Thursday, December 30, 2004

That Time of Year...

Yes, my top-10-albums-of-’04 list. But first, a word about these things...

Not too long ago, The New Yorker ran a profile of Quentin Tarantino, in which the director asserted that the films he loves most fall into one of two categories: films that are “good” and films that are “good enough.” The good films are such expert mixtures of craft and art as (my examples, not his) Citizen Kane or Raging Bull. The good enough encompass those imperfect, perhaps kitschy, works that contain a scene or performance or soundtrack or something that just makes it all worth it.

I’ve been fairly obsessed with this notion -- and how it relates to how I rate albums -- ever since that article came out. There are good albums and there are good enough albums. Sometimes, the good enough albums are better than the good ones: I’d often rather take an album with some amazing, risky highs coupled with some filler tracks over one that does nothing “wrong” because it doesn’t dare to fail or to be stupid.

All this is a rather labored attempt to explain that I do not believe the below ten albums to be flawless listening experiences. They are merely the ten best, or my ten favorite albums I heard this year.

Of course, that’s a problem too. I don’t possess nearly the amount of clout (or money) to hear a genuinely representative percentage of the rock/pop/etc. albums released this year. I can almost guarantee that in 2005 I will hear at least one 2004 album that should be on this list.

So this thing is imperfect. These list things are always imperfect. But I won’t deny that I enjoy putting them together. I usually start thinking about mine in April! My God!

1. Brian Wilson, Brian Wilson Presents SMiLE (Nonesuch)
2. The Delgados, Universal Audio (Chemikal Underground)
3. The Finn Brothers, Everyone is Here (Nettwerk)
4. Modest Mouse, Good News for People Who Love Bad News (Epic)
5. Sam Phillips, A Boot and a Shoe (Nonesuch)
6. Curtis Eller's American Circus, Taking up Serpents Again (self-released)
7. Ted Leo and The Pharmacists, Shake the Sheets (Lookout)
8. Bitter, bitter weeks, Revenge (My Pal God)
9. Nick Cave and The Bad Seeds, Abattoir Blues/The Lyre of Orpheus (Mute/Anti)
10. Rilo Kiley, More Adventurous (Brute/Beaute)

City Paper’s year-in-rock survey is out this week. I wrote about my number seven here, and my number one here. Additionally, the above list is included with the lists of CP’s other music writers here; see for yourself how idiosyncratic or out-of-touch I am.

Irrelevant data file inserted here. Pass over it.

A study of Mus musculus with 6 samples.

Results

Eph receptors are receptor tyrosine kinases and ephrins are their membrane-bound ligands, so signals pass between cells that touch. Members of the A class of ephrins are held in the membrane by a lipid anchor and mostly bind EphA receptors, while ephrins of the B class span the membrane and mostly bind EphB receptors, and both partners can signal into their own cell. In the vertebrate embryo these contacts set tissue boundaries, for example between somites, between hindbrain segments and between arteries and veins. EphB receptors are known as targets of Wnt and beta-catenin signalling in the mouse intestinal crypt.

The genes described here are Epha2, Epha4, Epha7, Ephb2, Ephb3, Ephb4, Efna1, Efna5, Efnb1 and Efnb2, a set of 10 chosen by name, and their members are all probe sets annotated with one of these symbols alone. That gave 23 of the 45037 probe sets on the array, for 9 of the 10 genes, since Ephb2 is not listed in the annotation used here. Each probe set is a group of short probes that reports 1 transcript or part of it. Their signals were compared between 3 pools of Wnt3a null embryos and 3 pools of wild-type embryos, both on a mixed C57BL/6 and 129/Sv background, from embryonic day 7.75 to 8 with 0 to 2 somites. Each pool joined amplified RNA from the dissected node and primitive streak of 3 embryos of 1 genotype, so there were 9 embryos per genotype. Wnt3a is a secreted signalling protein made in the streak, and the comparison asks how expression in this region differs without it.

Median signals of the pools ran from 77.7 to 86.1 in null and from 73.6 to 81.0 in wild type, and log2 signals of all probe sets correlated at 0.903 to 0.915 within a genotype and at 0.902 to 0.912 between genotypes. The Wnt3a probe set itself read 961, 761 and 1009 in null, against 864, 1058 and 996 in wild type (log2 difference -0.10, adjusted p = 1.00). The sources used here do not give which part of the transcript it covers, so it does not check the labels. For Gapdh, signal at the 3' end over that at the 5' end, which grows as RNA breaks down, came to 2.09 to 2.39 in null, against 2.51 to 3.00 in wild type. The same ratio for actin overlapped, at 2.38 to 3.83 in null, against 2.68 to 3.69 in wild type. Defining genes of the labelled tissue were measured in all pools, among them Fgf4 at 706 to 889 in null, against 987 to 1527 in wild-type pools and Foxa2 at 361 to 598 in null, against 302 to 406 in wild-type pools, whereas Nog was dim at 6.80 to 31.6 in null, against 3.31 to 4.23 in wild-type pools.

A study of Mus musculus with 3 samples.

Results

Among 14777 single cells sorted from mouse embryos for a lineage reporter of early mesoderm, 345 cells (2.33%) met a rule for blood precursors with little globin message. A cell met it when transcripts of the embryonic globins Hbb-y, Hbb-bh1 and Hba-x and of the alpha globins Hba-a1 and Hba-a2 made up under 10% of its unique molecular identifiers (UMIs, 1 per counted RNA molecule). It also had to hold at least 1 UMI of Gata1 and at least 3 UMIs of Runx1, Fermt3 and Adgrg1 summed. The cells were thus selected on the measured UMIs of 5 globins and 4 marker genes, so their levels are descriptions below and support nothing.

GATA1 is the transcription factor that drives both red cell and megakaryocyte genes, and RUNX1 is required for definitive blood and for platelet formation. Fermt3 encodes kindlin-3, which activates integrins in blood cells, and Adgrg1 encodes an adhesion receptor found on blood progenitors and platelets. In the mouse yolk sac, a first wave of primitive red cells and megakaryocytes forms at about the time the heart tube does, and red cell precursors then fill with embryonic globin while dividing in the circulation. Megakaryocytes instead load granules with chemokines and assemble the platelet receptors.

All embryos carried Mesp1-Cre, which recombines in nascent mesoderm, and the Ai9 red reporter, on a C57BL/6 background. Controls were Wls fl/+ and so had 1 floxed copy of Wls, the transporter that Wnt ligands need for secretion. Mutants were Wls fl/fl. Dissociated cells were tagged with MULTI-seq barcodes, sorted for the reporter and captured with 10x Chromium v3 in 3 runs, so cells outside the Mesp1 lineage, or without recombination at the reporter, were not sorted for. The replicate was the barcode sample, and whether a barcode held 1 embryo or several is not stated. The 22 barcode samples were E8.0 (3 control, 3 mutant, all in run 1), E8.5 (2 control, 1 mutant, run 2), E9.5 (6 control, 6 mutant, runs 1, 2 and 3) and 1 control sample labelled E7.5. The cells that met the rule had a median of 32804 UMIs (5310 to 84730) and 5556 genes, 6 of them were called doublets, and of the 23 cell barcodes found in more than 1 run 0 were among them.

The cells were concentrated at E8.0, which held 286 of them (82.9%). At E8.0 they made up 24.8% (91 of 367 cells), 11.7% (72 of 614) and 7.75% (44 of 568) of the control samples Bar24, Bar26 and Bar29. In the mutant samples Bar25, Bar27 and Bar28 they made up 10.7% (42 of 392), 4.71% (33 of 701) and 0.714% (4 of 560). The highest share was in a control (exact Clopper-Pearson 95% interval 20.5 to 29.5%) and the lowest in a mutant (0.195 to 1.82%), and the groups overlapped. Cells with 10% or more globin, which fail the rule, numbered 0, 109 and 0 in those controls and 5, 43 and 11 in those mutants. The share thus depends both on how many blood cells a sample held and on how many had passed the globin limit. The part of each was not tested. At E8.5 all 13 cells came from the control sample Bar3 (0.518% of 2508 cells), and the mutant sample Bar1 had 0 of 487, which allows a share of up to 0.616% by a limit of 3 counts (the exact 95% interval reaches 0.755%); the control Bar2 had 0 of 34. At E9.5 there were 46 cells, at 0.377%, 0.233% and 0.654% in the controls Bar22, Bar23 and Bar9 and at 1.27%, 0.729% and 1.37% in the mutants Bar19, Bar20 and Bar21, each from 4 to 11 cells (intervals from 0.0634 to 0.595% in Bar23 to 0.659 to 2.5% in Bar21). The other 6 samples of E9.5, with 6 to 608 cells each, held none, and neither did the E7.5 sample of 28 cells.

In February, the Village Voice’s Pazz and Jop poll of a whole mess of rock writers will be published and I promise to also include a hand-wringing essay here for that as well. For now, why not look at what I gave ‘em last year?

So goodbye to 2004. As for 2005, my album of the year so far is A Question of Temperature (Yep Roc) by The Chris Stamey Experience, which is basically the titular founding member of the dB’s backed by Yo La Tengo. It’s due out on Jan. 25. Happy New Year, everyone.

Friday, December 17, 2004

Look at this. It's a review on the CP's new concert blog-but-not-a-blog. Perhaps you're wondering if I just write about the same bands over and over again. Sometimes -- yes. But I think the more obscure artists such as these warrant it. Of course, I have been known to write lots about totally unobscure bands. Perhaps someday you'll be privy to an essay on why I've decided Abbey Road is the best Beatles album.

Monday, December 13, 2004

Perfect Pop

(Three quick ones)

3. "Right Back Where We Started From," Maxine Nightingale (1976)
For the chugging baritone saxophone in the background all Motown-like. Supposedly, this is a disco song, but how many other disco hits swing like this?
4. "New Mistake," Jellyfish (1993)
For having a guitar solo with a completely different melody and chords than the rest of the song.
5. "It's Money That Matters," Randy Newman (1988)
For being really relevant. Also, one of the few Newman '80s songs that works because it's so glossy. The Mark Knopfler guitar, mechanical drums and sports-crowd chorus make this song hurt. They help Newman's snarky cracks about failed, floundering radicals sound as mournful as they do. Because he means it, man.

Thursday, December 09, 2004

And here is a little follow-up regarding Beauty Pill, the subject of an Under the Rock from a little while back.

Thursday, December 02, 2004

Perfect Pop

2. "Nails in My Feet," Crowded House (1993)
I can think of no other song that's a better testament to Neil Finn's singular gift for investing such gorgeous melodies with mystery and weird dread. "Nails in My Feet" revels in Finn's stated love of filling his songs with mundane details (houses, stars, beaches) and poking them with dreamlike imagery. The song opens with the words "My life is a house," but it soon becomes apparent that the house in question is not necessarily the narrator's own. Or maybe it is his, but with an intruder entering. Or maybe the intruder is someone the singer wants around.
The music sounds effortless, but this is not background pop. This song benefits the closer you listen, the better to hear the hymnal, sublime vocal melody and the fluid bassline that's equally as essential to the song.
After the guitar solo, a Mellotron enters and the song becomes less languid and more urgent. Stranger and stranger. "I woke up the house/Stumbled in sideways." Who's the house now? Who's the intruder? Finn's vocal rises an octave for the final chorus with a near-perfect simile: "Your skin is like water on a burning beach/And it brings me relief." And then, as the music begins to fade, Finn muses even more tantalizing mystery, back at that house: "In the back row, under the stars/And the ceiling is my floor."
It's nearly impossible for me to listen to this song only once in a single sitting.

More about "Nails in My Feet," where you can find out just how mundane the settings Finn can derive inspiration from are.